US Included on List of Deadliest Countries for Journalists

Per this week's edition of the Wrestling Observer Newsletter, WWE has pencilled in the months of May and November to once more run incredibly lucrative shows in Saudi Arabia.

Journalists have died this year in Slovakia, where 27-year-old reporter Jan Kuciak was shot while investigating suspected corruption.

The number of journalists killed worldwide for their work almost doubled this year.

Sixty-two percent of the journalists killed covered politics, which the report deemed the most risky beat.

Four journalists were among the five employees of the Capital Gazette, a local newspaper in Annapolis, Maryland, who were killed on 28 June when a man walked in and opened fire with a shotgun.

Crown Jewel was surrounded by controversy and calls to cancel the event due to the state-sponsored murder of journalist Jamal Khashoggi.

More news: Russian Federation 'fully ready' to respond to US INF treaty violation

"United States Added to List of Most Dangerous Countries for Journalists for First Time", howled the NBC headline.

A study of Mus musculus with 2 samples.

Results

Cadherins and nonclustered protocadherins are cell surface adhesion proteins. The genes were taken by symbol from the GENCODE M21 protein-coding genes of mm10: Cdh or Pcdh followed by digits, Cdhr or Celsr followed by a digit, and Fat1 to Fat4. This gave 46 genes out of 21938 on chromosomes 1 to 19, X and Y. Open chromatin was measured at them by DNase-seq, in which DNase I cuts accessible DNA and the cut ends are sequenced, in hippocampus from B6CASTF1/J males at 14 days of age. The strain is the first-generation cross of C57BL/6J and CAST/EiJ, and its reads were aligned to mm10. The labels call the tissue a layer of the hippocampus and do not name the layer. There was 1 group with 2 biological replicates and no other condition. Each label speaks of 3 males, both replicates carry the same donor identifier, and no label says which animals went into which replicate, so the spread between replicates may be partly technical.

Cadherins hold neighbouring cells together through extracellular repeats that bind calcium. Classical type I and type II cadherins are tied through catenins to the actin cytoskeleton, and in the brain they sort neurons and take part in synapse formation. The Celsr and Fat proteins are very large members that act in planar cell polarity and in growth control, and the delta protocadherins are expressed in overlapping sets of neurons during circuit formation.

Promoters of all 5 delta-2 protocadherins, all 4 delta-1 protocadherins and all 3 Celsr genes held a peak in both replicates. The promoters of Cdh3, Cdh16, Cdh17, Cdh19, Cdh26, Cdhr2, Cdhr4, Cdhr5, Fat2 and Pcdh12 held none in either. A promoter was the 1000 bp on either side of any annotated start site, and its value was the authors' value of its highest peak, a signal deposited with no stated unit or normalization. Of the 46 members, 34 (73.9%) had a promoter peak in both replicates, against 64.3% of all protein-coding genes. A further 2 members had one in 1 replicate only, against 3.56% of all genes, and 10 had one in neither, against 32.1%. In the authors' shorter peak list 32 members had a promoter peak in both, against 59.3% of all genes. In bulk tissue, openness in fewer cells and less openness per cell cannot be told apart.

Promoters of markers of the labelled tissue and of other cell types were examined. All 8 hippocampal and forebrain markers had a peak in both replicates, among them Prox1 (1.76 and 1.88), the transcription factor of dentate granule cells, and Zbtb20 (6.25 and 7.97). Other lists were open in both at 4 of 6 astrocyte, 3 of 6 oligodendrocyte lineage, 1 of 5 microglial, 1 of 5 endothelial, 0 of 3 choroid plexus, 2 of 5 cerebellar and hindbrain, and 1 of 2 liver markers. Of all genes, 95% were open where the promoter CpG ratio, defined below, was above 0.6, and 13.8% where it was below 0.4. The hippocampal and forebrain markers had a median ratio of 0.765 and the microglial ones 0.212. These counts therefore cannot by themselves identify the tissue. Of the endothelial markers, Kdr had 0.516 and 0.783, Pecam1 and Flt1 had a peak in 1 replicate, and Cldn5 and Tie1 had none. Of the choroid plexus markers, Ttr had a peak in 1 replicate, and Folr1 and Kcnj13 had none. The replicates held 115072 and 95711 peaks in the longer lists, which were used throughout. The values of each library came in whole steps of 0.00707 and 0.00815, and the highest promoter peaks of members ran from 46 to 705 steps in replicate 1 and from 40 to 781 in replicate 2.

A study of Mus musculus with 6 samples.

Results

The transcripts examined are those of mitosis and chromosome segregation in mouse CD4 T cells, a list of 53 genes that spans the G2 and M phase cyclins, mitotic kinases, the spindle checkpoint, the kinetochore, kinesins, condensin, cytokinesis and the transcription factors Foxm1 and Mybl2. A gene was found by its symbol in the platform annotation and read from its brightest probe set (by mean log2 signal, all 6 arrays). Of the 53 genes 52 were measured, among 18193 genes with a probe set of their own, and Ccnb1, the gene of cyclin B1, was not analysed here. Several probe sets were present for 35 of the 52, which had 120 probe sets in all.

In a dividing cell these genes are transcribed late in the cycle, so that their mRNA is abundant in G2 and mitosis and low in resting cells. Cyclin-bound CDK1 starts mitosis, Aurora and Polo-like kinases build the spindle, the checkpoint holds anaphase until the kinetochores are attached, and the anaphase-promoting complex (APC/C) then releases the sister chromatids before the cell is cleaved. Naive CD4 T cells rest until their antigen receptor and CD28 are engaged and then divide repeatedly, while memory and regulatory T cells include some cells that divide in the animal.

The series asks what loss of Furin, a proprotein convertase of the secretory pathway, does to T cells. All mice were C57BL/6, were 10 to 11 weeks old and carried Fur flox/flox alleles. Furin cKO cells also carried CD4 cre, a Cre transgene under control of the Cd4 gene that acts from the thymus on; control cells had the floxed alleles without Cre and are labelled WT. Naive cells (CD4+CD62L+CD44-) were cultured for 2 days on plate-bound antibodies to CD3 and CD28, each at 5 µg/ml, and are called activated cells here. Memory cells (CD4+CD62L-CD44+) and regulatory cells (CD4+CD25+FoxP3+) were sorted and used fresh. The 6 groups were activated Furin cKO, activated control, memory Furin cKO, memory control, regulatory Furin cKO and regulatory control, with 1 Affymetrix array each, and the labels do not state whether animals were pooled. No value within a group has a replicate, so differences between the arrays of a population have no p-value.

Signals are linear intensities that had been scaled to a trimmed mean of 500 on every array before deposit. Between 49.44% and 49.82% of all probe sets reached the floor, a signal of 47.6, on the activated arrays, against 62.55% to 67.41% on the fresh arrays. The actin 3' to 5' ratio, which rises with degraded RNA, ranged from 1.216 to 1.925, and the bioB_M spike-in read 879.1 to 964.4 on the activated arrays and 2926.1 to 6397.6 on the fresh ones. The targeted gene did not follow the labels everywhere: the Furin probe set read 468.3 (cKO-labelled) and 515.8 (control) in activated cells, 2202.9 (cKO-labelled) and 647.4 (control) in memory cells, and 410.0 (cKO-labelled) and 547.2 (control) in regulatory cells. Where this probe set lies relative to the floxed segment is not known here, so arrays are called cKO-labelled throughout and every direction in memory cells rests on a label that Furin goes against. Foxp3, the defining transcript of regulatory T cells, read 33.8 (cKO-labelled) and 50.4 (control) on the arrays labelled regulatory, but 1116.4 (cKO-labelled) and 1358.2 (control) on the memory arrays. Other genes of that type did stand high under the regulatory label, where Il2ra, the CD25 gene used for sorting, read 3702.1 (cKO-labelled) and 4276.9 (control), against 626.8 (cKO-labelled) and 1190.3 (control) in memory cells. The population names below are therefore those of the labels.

Saudi Arabia slams US Senate for naming Prince MBS as "responsible" for Khashoggi murder Riyadh has denounced the US Senate resolution that blamed the Saudi Crown Prince for the murder of Jamal Khashoggi, as baseless allegations and a blatant attack on the Kingdom's sovereignty and internal affairs.

The media immediately went insane with the presence of the United States for the first time ever on the list of five most unsafe countries, even though the slain American journalists in question were killed by a deranged gunman and a falling tree, not agents of the government or a terrorist organization. The other honorees were reporters Wa Lone and Kyaw Soe Oo, jailed in Myanmar, and Maria Ressa, held in the Philippines.

At least four journalists were murdered in Mexico, two in Brazil, and two Palestinian journalists were shot and killed by Israeli soldiers during protests in the Gaza Strip, according to the report. Some died from suicide bombers whose actions were claimed by the militant group Islamic State.

In Syria and Yemen, two of the worst civil-war decimated countries, the fewest journalists were killed since 2011.